It’s the law, chief

Sac’s live-music scenes thrive in spite of venue closures and city-code conundrums

Your friendly neighborhood basement show: definitely illegal.

Your friendly neighborhood basement show: definitely illegal.

Photo By Nick Miller

Music is not a crime. Right?

Of course not. So why do so many live-music venues, or what Sacramento city code refers to as “entertainment establishments,” keep getting busted, shut down or cited?

This year alone there’ve been numerous casualties. The Upstairs, an alternative-rock venue inside the Country Club Lanes bowling alley on Watt Avenue, recently went on hiatus for not passing inspection. The Veterans of Foreign Wars Hall in Orangevale closed its doors as a punk-rock venue this July. Midtown’s Bricka Bracka stopped doing shows pretty much as soon as it started. The city sucked all nine lives out of CoolCat Gallery, an art collective/venue in Midtown. God denied The Underground in Roseville, a church-operated all-ages club.

Life isn’t easy for music in Sacramento if you want to operate by the book. For starters, you need an entertainment permit, which means paperwork: five forms, including a general application, floor-plan outline and various police-department documents. Then, you have to throw down a $756 nonrefundable fee, and also pay $59.50 to process your fingerprints.

Next, the city evaluates your application: whether the proposed venue is in compliance with zoning, housing and building codes, and other stipulations. The city manager assesses the request and then approves or denies it. If denied, you can appeal (good luck with that). If approved, the city still can impose restrictions on your venue, which you also can appeal (good luck with that). To serve wine, beer or booze, you’ll have to apply for a permit with Alcoholic Beverage Control, which further complicates entertainment-permit matters.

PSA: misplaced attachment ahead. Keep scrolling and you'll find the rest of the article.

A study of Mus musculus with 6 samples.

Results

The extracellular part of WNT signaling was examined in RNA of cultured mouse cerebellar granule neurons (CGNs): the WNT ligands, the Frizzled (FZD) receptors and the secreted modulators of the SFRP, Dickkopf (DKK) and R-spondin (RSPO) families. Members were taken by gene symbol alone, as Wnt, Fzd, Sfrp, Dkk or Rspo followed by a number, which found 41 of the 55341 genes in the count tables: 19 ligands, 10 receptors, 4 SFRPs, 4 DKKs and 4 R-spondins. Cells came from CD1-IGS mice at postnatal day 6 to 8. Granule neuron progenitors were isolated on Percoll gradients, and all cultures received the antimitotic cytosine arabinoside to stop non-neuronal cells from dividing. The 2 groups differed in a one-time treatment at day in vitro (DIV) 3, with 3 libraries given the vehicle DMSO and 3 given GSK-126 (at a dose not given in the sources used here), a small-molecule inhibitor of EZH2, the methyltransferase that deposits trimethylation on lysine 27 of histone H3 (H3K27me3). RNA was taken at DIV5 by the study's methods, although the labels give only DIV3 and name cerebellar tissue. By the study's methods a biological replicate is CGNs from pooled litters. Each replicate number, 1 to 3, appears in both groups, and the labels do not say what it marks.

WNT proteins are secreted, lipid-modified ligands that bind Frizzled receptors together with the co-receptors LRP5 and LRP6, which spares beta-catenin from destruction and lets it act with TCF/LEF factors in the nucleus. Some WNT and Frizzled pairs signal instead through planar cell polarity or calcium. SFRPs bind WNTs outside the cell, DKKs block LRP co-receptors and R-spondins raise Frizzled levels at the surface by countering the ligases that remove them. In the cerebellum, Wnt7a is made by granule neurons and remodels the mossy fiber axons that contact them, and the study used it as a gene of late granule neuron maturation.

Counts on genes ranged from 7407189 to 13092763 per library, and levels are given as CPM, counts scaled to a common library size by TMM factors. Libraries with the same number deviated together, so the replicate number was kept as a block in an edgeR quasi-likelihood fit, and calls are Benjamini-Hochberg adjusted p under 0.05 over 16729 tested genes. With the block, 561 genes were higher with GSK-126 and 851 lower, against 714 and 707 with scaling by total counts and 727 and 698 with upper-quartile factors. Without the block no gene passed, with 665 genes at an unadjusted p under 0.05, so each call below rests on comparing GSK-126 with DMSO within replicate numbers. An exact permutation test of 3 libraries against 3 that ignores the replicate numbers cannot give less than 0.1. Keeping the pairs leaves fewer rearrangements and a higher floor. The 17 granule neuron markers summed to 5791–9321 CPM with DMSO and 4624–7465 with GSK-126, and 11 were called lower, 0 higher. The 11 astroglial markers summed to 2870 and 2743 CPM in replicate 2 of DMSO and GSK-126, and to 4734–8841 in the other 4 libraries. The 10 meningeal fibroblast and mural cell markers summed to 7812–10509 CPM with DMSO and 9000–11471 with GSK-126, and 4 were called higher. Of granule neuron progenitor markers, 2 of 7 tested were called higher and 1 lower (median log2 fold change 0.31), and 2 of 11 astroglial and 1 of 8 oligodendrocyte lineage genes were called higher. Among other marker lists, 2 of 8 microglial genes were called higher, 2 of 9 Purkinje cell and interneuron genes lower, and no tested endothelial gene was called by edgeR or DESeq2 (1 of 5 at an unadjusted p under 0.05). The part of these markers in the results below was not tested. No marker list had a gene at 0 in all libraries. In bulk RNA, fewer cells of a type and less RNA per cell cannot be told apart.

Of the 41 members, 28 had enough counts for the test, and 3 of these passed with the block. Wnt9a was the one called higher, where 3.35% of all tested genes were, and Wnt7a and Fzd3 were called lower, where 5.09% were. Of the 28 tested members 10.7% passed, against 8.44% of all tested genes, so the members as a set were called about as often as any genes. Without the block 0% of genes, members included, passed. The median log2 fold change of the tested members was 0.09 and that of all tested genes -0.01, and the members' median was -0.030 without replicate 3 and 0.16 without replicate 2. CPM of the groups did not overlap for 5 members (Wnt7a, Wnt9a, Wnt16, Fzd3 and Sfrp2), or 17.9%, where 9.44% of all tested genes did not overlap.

And if all goes well, you’ll eventually get that entertainment permit—which is only valid for two years; in 24 months, your venue will have to go through the entire process all over again. No long-term security for your investment of tens of thousands of dollars of live-music equipment. No long-term security for the upgrades made to your “entertainment establishment.” Put on killer live shows for a couple years—maybe too killer—and the city still can deny your entertainment-permit renewal and leave you high and dry.

Music is not a crime. Right?

Somehow, musicians gig on: clubs, bars, coffeehouses, living rooms, basements, schools, clothing boutiques, art galleries, tattoo shops, parking lots. Most shows are legit, but many are illegal, clandestine or fall into a gray area.

Lately, for example, venue operators have cited city code 5.108.040, “Exemption from the permit requirement,” as a means to put on live shows while sidestepping bureaucracy. Owners argue that their establishments are “private clubs … not primarily for monetary gain,” and therefore aren’t subject to permitting. CoolCat and Fools Foundation, two venues that put on incredible, safe and well-attended indie shows, were shut down while operating as private clubs.

Meanwhile, fishy laws abound. For instance, city code 1.04.080 stipulates that during “The Star-Spangled Banner,” everyone has to render a salute to the flag, a rule even Sen. Barack Obama occasionally breaks. Now that’s red tape you can believe in.

It gets worse: At a house show last month in Midtown, residents forgot to pay their SMUD bill, which meant no music in the basement that evening. But Sacramentans persevered: People brought candles—a ton—and the show went on in low-decibel fashion.

Which, of course, still was too loud for the city. According to code 12.72.110, amplified sound cannot “exceed a noise level of fifty-five (55) dBA on any residential property.” So how much noise is 55 decibels? According to Wikipedia, normal conversational speech at a foot apart is 60 decibels; a violin ranges from 82 to 92 decibels. So if there’s a psychedelic rock band in your basement—even without amplification—you’re probably not breaking the sound barrier, but you’re definitely breaking the law, chief.

SN&R by no means endorses activities illegal in nature, but we do have a few words of advice: Keep it up!